01-31-2008 11:25 PM
Gentlemen of the Road
They’re an odd pair, to be sure: pale, rail-thin, black-clad Zelikman, a moody, itinerant physician fond of jaunty headgear, and ex-soldier Amram, a gray-haired giant of a man as quick with a razor-tongued witticism as he is with a sharpened battle-ax. Brothers under the skin, comrades in arms, they make their rootless way through the Caucasus Mountains, circa A.D. 950, living as they please and surviving however they can. No strangers to tight scrapes and close shaves, nothing necessarily prepared them to be dragooned into service as escorts and defenders to a prince of the Khazar Empire.
An Imaginary Life
In the first century A.D., Publius Ovidius Naso, the most urbane and irreverent poet of imperial Rome, was banished to a remote village on the edge of the Black Sea. From these sparse facts, Malouf has fashioned an audacious and supremely moving novel. Marooned on the edge of the known world, exiled from his native tongue, Ovid depends on the kindness of barbarians who impale their dead and converse with the spirit world. Then he becomes the guardian of a still more savage creature, a feral child who has grown up among deer. What ensues is a luminous encounter between civilization and nature, as enacted by a poet who once cataloged the treacheries of love and a boy who slowly learns how to give it.
The Volcano Lover: A Romance
Set in 18th century Naples, based on the lives of Sir William Hamilton, his celebrated wife Emma, and Lord Nelson, and peopled with many of the great figures of the day, this unconventional historical romance touches on themes of sex and revolution, the fate of nature, art and the collector's obsessions, and, above all, love.
This poetic narrative discusses the creative life of a 9th century Indian stonecarver who is drafted at an early age to spend his entire life working on the thousands of statues that fill the niches of an Indonesian temple. Exploring the muse–artist relationship as few works of fiction have done, this novel is an intensely political work -- a parable that pits the blind cruelty of a feudal ruler against the creative expression of a single slave.
With this haunting first volume of his Into Their Labours trilogy, John Berger begins his chronicle of the eclips of peasant cultures in the 20th century. Set in a small village in the French Alps, Pig Earth relates the stories of skeptical, hard-working men and fiercely independent women; of calves born and pigs slaughtered; of summer haymaking and long dark winters of rest; of a message of forgiveness from a dead father to his prodigal son; and of the marvelous Lucie Cabrol, exiled to a hut high in the mountains but an inexorable part of the lives of men who have known her. Above all, this masterpiece of sensuous description and profound moral resonance is an act of reckoning that conveys the precise wealth and weight of a world we are losing.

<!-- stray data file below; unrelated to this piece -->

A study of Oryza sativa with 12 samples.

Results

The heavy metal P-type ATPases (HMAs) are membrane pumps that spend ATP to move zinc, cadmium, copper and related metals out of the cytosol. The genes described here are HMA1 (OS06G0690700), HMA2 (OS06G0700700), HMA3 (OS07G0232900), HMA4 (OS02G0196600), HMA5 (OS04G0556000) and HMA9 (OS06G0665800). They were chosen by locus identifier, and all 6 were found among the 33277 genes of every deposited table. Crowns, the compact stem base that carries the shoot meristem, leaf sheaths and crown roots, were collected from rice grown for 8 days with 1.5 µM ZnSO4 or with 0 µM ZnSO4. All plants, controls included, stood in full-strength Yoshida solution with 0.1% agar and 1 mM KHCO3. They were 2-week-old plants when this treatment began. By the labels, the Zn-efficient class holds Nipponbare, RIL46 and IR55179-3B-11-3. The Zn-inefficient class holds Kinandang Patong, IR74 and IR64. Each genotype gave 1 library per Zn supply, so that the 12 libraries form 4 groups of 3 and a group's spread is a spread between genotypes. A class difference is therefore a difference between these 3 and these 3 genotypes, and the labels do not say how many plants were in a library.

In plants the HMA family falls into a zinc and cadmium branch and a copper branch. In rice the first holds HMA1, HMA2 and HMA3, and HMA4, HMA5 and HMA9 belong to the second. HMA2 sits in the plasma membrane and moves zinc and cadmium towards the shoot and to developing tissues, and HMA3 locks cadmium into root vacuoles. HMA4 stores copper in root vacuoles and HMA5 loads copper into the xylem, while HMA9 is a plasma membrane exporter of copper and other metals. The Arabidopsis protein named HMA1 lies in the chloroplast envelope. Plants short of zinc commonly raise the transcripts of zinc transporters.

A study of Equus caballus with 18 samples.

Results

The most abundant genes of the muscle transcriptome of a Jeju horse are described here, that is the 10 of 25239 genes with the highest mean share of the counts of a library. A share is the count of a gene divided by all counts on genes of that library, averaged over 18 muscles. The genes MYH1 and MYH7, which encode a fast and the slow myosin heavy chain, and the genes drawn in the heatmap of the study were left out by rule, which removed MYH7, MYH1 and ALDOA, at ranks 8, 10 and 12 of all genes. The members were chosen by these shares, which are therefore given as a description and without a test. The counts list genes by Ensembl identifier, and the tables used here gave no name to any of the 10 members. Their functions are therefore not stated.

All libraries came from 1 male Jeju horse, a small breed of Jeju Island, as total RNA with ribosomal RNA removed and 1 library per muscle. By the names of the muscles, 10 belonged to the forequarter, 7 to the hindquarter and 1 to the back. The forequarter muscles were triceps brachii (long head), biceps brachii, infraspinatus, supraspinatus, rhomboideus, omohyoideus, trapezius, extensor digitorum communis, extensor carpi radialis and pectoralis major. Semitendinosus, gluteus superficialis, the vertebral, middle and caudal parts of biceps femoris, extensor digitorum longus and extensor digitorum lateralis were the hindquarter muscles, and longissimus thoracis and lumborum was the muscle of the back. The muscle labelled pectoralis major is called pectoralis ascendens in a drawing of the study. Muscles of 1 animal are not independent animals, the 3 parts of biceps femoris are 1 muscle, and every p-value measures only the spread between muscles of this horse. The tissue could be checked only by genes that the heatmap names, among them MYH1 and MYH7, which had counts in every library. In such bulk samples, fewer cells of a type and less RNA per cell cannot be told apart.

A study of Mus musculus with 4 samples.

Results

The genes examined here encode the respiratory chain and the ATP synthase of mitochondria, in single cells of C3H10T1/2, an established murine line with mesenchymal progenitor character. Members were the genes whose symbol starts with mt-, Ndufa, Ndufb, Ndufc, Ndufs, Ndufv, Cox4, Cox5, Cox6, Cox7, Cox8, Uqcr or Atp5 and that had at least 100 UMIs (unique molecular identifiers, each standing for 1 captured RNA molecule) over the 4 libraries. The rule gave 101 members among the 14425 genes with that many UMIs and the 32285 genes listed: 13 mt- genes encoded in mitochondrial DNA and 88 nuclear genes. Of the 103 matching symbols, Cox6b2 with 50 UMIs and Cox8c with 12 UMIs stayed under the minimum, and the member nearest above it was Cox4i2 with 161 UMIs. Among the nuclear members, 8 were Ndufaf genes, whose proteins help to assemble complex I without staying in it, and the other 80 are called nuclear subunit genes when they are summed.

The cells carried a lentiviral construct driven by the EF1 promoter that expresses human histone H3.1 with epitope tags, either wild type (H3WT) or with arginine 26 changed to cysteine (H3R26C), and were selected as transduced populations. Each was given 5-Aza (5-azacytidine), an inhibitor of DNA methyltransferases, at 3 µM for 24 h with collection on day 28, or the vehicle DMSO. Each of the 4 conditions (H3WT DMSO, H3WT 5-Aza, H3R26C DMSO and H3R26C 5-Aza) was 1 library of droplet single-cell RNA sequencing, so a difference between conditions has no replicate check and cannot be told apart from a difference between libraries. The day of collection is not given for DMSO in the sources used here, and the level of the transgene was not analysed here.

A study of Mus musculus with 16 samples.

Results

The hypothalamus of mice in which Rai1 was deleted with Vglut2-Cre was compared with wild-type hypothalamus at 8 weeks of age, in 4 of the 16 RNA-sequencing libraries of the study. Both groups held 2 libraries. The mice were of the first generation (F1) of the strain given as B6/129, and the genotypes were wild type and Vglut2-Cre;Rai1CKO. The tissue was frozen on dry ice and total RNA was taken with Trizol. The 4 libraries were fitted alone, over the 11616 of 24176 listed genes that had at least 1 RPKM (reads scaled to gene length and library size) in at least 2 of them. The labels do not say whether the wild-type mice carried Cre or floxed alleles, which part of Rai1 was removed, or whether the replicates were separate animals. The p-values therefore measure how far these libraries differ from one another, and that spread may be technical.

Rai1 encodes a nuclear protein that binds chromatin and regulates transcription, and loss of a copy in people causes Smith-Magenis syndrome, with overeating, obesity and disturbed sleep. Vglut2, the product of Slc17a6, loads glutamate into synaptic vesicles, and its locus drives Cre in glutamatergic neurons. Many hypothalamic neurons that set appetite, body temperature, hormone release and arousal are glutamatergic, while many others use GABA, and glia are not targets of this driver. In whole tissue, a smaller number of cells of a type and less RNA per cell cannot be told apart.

Southeast Asia in the Age of Commerce 1450-1680
Southeast Asian societies, like those of East Asia, had developed greatly before European seafarers arrived. It was a region that "was subject to many of the same climatic, physical, and commercial pressures and thus developed a very similar set of material cultures." Reid gives numerous contemporary foreign accounts of life in Southeast Asia on the eve of western imperialism and colonialism in a skillful, analytical, and critical way. (Library Journal)
Jewish Life in Renaissance Italy
After the ghetto was imposed in Venice, Rome, and other Italian cities, Jewish settlement became more concentrated. Bonfil claims that the ghetto experience did more to intensify Jewish self-perception in early modern Europe than the supposed acculturation of the Renaissance. He shows how, paradoxically, ghetto living opened and transformed Jewish culture, hastening secularization and modernization.
Buddhism and Society: A Great Tradition and its Burmese Vicissitudes
Melford E. Spiro
A clear overview of Theravada Buddhism, Spiro explains not only it's doctrines, but how those doctrines are translated into the everyday lives of the the Burmese. The first volume to this one, Burmese Supernaturalism, concerned itself with Burmese folk religion. In the Prologue to the book, Spiro states his hopes "to use Burmese data to explore in depth certain theoretical relationships among society, culture, and personality."